Getting the Business Side of Photography Right


Finding Success in Professional Photography

There’s a tremendous amount of skill that goes into being a professional photographer. You have to master different cameras and equipment, understand light and composition theories, figure out when to use certain lenses, and be able to work closely with your subjects to get the perfect “money shot.”

However, with no disrespect intended, professional photographers are everywhere. There are hundreds (if not thousands) of them in a large city. While there are a handful who aren’t very good, as well as a portion who are clearly head and shoulders above the competition, most fall somewhere in the middle of the spectrum. From a photography skill perspective, it can be hard to differentiate between the 70 to 80 percent of photographers in the middle.

If you’re being honest with yourself, this is a tough spot. However, you have to come to terms with the idea that it isn’t always pure technical skill or creative talent that sets successful photographers apart from the pack. As boring as it sounds, it’s often a photographer’s business acumen and professionalism that puts them on top.

In an industry where creativity is the chief focus, clients often get frustrated. They have certain expectations for communication, deadlines, and uniform practices. The small percentage of photographers who recognize this and, without watering down their creative side, fulfill the business-side expectations, almost always find a greater degree of success.

Mastering the Business Side of Photography 

If you don’t have much experience running a company or working in a corporate world where these skills are generally learned, it’s not always apparent what you need to do to manage the business side of your photography endeavors. And though it takes time to implement, here are a handful of tips you can use to get it right:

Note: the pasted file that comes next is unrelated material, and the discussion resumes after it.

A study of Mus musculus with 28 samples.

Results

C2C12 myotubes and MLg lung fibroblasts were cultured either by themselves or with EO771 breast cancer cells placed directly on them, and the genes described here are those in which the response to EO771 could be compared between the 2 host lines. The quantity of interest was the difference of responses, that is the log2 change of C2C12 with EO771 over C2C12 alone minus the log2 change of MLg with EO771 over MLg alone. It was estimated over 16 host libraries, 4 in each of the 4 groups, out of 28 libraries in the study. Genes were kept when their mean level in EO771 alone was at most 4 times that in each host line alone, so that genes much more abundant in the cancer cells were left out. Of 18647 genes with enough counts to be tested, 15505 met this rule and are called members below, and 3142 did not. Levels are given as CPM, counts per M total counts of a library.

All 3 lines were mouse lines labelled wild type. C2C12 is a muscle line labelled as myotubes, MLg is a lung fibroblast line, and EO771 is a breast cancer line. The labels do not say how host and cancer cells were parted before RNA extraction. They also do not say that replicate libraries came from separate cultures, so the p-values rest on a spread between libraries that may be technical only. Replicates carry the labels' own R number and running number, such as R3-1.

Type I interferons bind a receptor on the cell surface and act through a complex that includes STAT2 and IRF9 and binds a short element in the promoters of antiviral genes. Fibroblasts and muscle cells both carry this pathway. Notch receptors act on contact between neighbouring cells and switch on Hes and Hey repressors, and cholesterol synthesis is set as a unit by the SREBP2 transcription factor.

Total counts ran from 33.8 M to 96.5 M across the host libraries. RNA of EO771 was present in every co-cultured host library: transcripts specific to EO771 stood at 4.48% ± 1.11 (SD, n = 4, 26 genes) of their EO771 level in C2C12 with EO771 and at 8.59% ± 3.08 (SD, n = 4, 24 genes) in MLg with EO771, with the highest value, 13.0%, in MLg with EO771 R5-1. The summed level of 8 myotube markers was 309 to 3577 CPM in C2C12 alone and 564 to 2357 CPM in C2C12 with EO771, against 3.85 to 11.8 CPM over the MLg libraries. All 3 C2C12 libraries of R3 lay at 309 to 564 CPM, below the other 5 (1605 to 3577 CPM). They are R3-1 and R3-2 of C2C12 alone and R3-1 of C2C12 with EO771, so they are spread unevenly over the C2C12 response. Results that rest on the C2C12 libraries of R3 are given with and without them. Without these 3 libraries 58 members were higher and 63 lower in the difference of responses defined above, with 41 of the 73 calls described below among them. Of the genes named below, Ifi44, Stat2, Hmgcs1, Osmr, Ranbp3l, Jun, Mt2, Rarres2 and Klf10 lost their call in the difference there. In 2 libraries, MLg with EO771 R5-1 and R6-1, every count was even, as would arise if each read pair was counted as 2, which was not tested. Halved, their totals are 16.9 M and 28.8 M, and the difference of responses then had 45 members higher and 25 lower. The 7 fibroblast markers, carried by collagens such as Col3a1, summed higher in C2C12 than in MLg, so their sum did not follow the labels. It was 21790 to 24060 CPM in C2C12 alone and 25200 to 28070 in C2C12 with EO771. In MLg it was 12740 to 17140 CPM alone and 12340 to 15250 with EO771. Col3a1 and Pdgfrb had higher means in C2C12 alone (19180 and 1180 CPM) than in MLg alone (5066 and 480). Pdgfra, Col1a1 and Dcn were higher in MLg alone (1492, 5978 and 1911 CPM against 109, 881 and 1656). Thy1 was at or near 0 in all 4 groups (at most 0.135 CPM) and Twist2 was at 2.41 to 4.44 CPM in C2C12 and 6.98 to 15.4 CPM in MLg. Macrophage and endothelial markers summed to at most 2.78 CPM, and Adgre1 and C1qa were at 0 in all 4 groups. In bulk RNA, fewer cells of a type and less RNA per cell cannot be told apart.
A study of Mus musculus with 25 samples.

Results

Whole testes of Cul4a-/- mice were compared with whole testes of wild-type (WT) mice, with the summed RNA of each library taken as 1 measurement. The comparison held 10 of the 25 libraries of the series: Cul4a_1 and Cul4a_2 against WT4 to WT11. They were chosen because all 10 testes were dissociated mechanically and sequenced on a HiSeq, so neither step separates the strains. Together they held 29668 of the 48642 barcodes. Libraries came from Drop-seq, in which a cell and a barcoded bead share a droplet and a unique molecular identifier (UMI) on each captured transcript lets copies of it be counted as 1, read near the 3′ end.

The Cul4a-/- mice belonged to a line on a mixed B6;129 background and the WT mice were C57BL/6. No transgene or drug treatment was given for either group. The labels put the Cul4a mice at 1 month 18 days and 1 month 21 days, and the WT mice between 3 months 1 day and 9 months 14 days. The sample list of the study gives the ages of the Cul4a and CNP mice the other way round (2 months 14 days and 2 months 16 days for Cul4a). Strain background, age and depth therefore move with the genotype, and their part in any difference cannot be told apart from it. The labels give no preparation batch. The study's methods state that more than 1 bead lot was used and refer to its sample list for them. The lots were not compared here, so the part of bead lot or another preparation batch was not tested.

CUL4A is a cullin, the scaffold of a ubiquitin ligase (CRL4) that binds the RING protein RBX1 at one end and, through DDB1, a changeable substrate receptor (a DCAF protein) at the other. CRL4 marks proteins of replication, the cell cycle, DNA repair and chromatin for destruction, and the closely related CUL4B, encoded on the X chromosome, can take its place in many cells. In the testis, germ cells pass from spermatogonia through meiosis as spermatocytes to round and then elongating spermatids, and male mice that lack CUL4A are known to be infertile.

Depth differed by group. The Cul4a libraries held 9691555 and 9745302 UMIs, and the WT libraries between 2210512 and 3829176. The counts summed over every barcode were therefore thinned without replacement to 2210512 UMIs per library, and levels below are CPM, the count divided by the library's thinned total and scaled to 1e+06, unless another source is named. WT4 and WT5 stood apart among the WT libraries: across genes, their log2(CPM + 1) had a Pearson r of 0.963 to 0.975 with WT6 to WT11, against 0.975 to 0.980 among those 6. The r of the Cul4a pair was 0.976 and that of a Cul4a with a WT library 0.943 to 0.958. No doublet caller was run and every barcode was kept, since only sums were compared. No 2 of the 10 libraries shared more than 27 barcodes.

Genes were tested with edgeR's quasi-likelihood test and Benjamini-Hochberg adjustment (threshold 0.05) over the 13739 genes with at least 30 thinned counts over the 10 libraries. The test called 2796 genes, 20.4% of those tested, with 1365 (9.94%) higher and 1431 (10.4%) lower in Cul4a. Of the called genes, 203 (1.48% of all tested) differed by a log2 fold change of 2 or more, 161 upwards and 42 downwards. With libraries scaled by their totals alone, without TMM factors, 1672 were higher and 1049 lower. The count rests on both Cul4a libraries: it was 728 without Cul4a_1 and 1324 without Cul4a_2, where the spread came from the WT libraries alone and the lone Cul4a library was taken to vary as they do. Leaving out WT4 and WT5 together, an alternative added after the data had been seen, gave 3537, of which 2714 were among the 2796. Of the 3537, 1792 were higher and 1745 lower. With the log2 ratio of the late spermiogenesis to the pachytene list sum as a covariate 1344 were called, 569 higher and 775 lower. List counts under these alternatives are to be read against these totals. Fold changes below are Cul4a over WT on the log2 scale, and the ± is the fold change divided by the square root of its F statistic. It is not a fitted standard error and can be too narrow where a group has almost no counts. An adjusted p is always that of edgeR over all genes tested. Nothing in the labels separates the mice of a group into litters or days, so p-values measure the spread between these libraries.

1. Develop a Strategy

Don’t assume that you’ll eventually stumble into a lucrative niche and figure out a business plan. You must develop a strategy from the start.

“Ideally your business would be built around your passion; but realistically, that may not always be possible, at least not in the short-term,” photographer Robert J. Mang writes. Identify your skills and then look for some crossover with market-side demand. If you can find a niche like this that also happens to have less competition, then all the better! 

  1. Get Clear on Pricing 

You need to take some time to develop a clear, straightforward pricing strategy. Not only will this help you deliver estimates and quotes much faster, but it’ll also allow you to be firm in your approach (rather than tiptoeing around this aspect of selling services). 

  1. Be Professional With Invoicing

One of the traditional pain points of professional photographers is trying to collect money once it’s earned. Most people struggle with this aspect of the job because they don’t have a system for invoicing.

Find an easy and intuitive online invoicing software and use it to make your business seem more professional. The FreshBooks invoice feature, for example, claims it helps users get paid twice as fast as normal. Anything that speeds up the payment cycle is good for business. 

  1. Improve Your Organization Skills 

You have to be more organized if you want to last long in this business. The more systematic you are with how you handle communication, store images, record paperwork, and maintain your calendar, the less friction your customers will experience. 

Putting It All Together 

Finding success in photography is all about striking a balance between creativity and business. While your product is your photography and you can’t let anything compromise it, you also have to be mindful of how you’re delivering the product to your customers.

From marketing and communication to organization and invoicing, all of the details matter. Mastering this side of things will increase your chances of success and longevity.